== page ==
Disney needs to do more than wish on some stars to get out of its animation rut.

Its latest animated feature “Wish,” billed as a celebration of 100 years of storytelling, fumbled at the box office during the Thanksgiving holiday weekend. It tallied just $31.6 million over the five-day period, far below box office analysts’ expectations of between $45 million and $55 million.

Lionsgate’s “Hunger Games: The Ballad of Songbirds and Snakes” took the top spot for the five-day holiday, generating $42.2 million in ticket sales. Apple and Sony’s “Napoleon,” an R-rated war epic from Ridley Scott, came in second with $32.75 million.

It’s historically rare for Disney to lag at the Thanksgiving box office. The company has for more than a decade released top-grossing animated films during the Wednesday-to-Sunday frame and even set records for highest-grossing openings for films released on Thanksgiving.

But it’s struggled since the pandemic to inspire moviegoers to head to cinemas for its newest features.

“A set it and forget it strategy based on past performance can no longer be employed by any studio,” said Paul Dergarabedian, senior media analyst at Comscore. “There are some hard lessons being learned as this confounding movie marketplace continues to re-write the rules and audiences make their preferences known with either their presence or the absence at the multiplex.”

The underperformance of “Wish” extends an unfortunate pattern for the company, which operates two animation studios — Walt Disney Animation and Pixar.

Much of Disney’s trouble has come from executive decisions to pad its fledgling streaming service Disney+ with content, stretching its creative teams thin and sending theatrical movies during the pandemic straight to digital.

Parents, confused about when and where animated films were being released, didn’t show up to theaters for a number of titles from Disney in the wake of the pandemic. And many of those films weren’t well-received by those who did.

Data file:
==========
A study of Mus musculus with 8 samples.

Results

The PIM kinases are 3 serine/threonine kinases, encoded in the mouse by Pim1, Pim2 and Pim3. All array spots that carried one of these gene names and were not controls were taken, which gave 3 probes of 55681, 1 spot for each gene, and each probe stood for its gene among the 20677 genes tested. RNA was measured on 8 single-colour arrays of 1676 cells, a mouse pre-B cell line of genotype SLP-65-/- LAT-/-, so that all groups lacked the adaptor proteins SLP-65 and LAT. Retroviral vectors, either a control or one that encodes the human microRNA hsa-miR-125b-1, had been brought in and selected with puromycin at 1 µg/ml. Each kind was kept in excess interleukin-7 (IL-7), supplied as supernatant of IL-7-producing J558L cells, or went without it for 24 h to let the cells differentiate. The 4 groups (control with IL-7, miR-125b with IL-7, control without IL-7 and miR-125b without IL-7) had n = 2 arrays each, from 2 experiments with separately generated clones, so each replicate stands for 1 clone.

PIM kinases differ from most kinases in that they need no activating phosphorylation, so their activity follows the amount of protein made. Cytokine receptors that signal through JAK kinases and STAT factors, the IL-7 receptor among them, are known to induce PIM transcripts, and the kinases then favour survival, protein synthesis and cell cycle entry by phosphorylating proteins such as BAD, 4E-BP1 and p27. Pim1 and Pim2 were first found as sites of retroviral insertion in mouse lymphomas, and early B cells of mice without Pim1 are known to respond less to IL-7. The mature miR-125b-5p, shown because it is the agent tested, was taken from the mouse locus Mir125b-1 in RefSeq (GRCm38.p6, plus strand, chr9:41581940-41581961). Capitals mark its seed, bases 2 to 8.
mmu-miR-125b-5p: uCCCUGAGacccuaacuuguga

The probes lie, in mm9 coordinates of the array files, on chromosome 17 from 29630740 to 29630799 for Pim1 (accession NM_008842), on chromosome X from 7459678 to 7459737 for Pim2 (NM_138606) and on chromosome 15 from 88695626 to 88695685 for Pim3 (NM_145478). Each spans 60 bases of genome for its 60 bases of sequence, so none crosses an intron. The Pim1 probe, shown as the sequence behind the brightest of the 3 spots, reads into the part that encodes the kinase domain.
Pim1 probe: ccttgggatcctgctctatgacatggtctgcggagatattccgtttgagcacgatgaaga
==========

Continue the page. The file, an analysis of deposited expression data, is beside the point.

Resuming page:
Then there’s the added pressures of shareholders who have become focused on the profitability of Disney+, tight marketing budgets and audiences that have become more selective about when and what they go out to see at cinemas.

Disney, which ruled the animation genre for decades, is also facing steep competition from Netflix, Universal, Sony and Warner Bros., among others, for moviegoers’ attention. Just a week before “Wish” hit theaters, Universal’s DreamWorks animation studio released “Trolls Band Together,” the third installment in the popular Trolls franchise.

“Trolls Band Together” secured $25.6 million in ticket sales during the five-day Thanksgiving frame, just a few million shy of “Wish.” Box office analysts believe “Trolls” ate into “Wish” ticket sales.

“Entering a marketplace with a familiar ‘Trolls’ movie already in the mix was a recipe for a less than stellar result for the company’s latest release,” Dergarabedian said.

Still, the story of “Wish” isn’t done. Disney has found success over the run of a theatrical release for films like “Elemental,” which tallied just $29.6 million during its domestic opening, but went on to secure nearly $480 million globally before leaving theaters.

Similarly, “Encanto” snared $40.3 million for the five-day Thanksgiving period in 2021. Although it captured less than $250 million globally during the pandemic, it found new life on Disney+. The film quickly became a fan favorite with kids and adults alike, who gravitated towards catchy tunes like “We Don’t Talk About Bruno.”

“‘Wish’ fortunately has the December holiday family moviegoing corridor and of course a future on Disney+ to bolster its fortunes,” said Dergarabedian.

Disclosure: Comcast is the parent company of NBCUniversal and CNBC. NBCUniversal distributed “Trolls Band Together.”